What is death?

How do we decide when someone is dead? Do we look at the heart or the brain, and do we need to redefine it?
14 April 2015

Interview with 

Dr John Troyer, The Centre for Death & Society at Bath University


The impact of modern medicine is drastically changing our concept of death. Increasingly, people are being resuscitated successfully, sometimes hours after they first died. Does this mean we could defy death? And do we want to be immortal anyway? Philip Garsed hit the streets of Cambridge to canvass opinion...

Philip - Would you like to live forever?

Male - I wish but it's not possible.

Female - No, I don't think so.

Male - No, I don't think so.

Male - If I am healthy, yes.

Child - Not forever, but for quite long.

Male - No.

Female - Not really.

Male - No, not really, no.

Philip - Around 90% of the people in my tiny sample didn't like the idea of living forever, but why and could I change their minds?

Male - Life will become a bit of a bore if you live forever.

Male - I've seen so many terrible things that wouldn't please me.

Male - It's just too long.

Philip - If you could keep your health, would that change your mind?

Female - No. I don't think it would.

Female - Only what keeps my family going with.

Female - I'd like to live forever if I could stay young.

Philip - So, if science made that possible, you'd actually be really quite keen?.

Female - Yeah, definitely.

Georgia - It seems that most of us don't want to live forever. Although fear of the effects of ageing seems to be what's putting most people off. But the impact of modern medicine is changing things and increasingly, people have been resuscitated successfully sometimes hours after they've apparently died.

So, should this make us reconsider how we think about death? Could we continually resuscitate people throughout their life, defeat the maladies of ageing, and maybe one day, live forever?

And more importantly, would we want to?

Chris - It wasn't all that long ago that if you were dead, you genuinely were dead. But that didn't stop people trying though. In the 1700s, doctors attempted to revive drowned patients by tickling the backs of their throats with a feather, strapping them onto a trotting horse, even blowing smoke up the rectum or even for good measure, giving them a good whipping.

Well, reassuringly, today's methods of resuscitation are probably more comfortable and more effective. But as a result, the boundaries between life and death are becoming much more blurred. When is someone actually, medically dead?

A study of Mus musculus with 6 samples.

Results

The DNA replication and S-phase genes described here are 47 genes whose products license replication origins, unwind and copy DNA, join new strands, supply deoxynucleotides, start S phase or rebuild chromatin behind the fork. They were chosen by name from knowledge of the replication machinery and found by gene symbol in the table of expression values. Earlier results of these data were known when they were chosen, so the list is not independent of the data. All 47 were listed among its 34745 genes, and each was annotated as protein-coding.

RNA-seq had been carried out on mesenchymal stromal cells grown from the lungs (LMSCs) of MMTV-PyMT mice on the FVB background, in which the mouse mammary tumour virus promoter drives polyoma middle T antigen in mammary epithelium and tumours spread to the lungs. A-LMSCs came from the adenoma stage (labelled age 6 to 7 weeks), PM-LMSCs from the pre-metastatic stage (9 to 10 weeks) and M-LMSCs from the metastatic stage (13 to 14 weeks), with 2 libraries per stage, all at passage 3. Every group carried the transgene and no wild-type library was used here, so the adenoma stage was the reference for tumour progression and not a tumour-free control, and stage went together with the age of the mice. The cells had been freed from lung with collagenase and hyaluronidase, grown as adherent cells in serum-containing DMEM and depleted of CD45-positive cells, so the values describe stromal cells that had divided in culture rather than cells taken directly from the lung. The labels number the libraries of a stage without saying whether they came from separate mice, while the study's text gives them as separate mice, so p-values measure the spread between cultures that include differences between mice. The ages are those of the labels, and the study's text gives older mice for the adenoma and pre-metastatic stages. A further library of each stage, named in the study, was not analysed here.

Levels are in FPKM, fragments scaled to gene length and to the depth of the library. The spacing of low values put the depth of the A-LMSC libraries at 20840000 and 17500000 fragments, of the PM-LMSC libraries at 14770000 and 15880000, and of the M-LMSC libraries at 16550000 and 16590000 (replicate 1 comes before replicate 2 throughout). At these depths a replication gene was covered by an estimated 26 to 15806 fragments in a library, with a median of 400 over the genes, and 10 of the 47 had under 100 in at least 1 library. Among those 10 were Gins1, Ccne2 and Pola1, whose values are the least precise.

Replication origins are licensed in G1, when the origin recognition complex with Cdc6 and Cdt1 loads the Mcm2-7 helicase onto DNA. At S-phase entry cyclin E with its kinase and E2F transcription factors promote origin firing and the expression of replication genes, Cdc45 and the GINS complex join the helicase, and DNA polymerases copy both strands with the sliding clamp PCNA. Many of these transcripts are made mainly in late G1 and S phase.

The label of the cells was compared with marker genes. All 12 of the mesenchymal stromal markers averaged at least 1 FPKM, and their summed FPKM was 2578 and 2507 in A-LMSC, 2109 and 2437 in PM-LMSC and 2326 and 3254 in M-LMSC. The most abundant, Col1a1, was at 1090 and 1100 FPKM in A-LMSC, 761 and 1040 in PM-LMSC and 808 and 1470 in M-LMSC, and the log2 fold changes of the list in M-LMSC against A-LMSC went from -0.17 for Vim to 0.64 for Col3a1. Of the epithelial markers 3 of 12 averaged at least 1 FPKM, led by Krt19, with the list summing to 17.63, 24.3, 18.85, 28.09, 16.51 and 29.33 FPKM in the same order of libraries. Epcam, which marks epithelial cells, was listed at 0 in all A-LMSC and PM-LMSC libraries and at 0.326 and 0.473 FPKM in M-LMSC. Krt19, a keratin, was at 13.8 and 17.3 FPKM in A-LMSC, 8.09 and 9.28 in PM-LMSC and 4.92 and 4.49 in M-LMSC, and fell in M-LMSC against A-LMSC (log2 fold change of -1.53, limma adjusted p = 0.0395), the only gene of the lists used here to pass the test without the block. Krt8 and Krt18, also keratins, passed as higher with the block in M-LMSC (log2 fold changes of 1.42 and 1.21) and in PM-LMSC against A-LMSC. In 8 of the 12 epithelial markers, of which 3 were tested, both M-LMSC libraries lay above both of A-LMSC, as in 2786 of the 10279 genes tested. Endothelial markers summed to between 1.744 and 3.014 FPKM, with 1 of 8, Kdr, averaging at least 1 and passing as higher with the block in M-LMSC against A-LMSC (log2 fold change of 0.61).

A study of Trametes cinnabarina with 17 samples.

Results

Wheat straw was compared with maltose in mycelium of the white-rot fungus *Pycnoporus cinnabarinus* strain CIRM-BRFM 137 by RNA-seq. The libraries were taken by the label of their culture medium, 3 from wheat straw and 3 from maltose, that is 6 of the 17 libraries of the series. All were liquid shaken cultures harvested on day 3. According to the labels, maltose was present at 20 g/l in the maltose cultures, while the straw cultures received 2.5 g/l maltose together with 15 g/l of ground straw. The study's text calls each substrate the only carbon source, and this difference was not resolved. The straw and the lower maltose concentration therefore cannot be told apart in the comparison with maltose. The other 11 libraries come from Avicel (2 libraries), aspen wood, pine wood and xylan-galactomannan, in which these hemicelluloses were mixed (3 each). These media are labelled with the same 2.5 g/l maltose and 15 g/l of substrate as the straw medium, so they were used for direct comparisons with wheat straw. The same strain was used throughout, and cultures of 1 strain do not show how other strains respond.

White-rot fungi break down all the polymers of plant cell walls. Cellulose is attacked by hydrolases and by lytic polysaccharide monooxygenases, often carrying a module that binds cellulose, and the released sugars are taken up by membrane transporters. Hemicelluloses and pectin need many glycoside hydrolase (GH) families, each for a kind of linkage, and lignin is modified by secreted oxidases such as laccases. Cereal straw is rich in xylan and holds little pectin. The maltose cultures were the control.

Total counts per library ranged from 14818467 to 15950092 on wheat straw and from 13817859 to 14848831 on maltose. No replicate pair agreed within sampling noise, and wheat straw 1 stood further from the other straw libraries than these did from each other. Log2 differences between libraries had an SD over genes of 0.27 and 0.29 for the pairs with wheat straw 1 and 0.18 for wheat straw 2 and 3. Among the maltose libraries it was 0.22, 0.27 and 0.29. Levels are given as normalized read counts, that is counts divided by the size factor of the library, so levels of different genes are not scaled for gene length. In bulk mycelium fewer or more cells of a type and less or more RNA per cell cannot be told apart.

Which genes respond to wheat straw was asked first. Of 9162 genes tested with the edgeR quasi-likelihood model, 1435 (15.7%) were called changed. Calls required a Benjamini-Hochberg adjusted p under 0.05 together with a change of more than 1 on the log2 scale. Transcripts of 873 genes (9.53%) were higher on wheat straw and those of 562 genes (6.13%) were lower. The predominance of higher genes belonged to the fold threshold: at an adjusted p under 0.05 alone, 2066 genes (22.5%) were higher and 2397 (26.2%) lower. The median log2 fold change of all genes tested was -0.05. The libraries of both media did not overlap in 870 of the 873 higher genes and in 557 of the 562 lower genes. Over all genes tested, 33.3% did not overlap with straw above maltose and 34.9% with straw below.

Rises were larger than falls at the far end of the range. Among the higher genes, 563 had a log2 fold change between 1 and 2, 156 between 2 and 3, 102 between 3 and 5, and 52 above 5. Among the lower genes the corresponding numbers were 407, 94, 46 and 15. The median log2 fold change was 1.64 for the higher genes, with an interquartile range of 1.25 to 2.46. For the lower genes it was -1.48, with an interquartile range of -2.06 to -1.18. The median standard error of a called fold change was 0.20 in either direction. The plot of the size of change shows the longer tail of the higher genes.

With us is John Troyer. He's the Deputy Director of the Centre for Death and Society at Bath University. Hi, John.

John - Hello.

Chris - What is actually the definition of someone who has died?

John - The current definition is neurological or brain criteria. And so, when the person has complete or total brain death, which includes the brain stem no longer operating or functioning then you are dead.

Chris - A lot of those things that you've drawn on their though John, are very contemporary. They make use of modern medical definitions and medical assessments of people. What did people use to think in the old days?

John - For millennia, death was simply heart death. So, when your heart stop beating, you would die because there would be a lack of oxygen going through your system and that would cause death. In about the 1950s, it became understood that individuals could, in theory, be kept alive in a kind of comma state - this idea that you could have a person who someone seemed to be alive even though they were physically looking dead. And that was when we began the surge through the '60s, '70s and '80s, particularly in the western first world, the development of life support technology that could in fact restart a stopped heart or could in fact keep you on ventilation, artificial circulation, and oxygen input so that you could in fact keep a person who seem to not be fully functioning somehow alive.

Chris -   Of course, this is a moving definition because people were pretty comfortable that if you said someone was brain dead a few years ago, that meant they just had no brain function whatsoever. But then on this programme Adrian Owen sat here and said, "I'm about to publish a paper in the New England Journal of Medicine where I am communicating with a brain scanner with people that no one has spoken to 4 or 5 years or so because we thought they were brain dead.

John - That's right and the definition will not certainly change. I mean, we're using as sort of mid-20th century concept of death right now and if there's one thing that can be certain about the definition of death is that it will change as different kinds of sort of diagnostic tools become even stronger or new approaches to thinking through what is going on inside the brain when we think that a person is dead. The big questions right now is if a person who seems to be dead or is in a persistent vegetative state, is responding to stimuli, is that person still that person? Meaning, is there still a conscious person there or is it a response that is a response, but it might be different than what we think of as actually being the person, him or herself. These are the bigger questions that we're getting into now.

Chris - That's John Troyer from Bath University's Centre for Death and Society.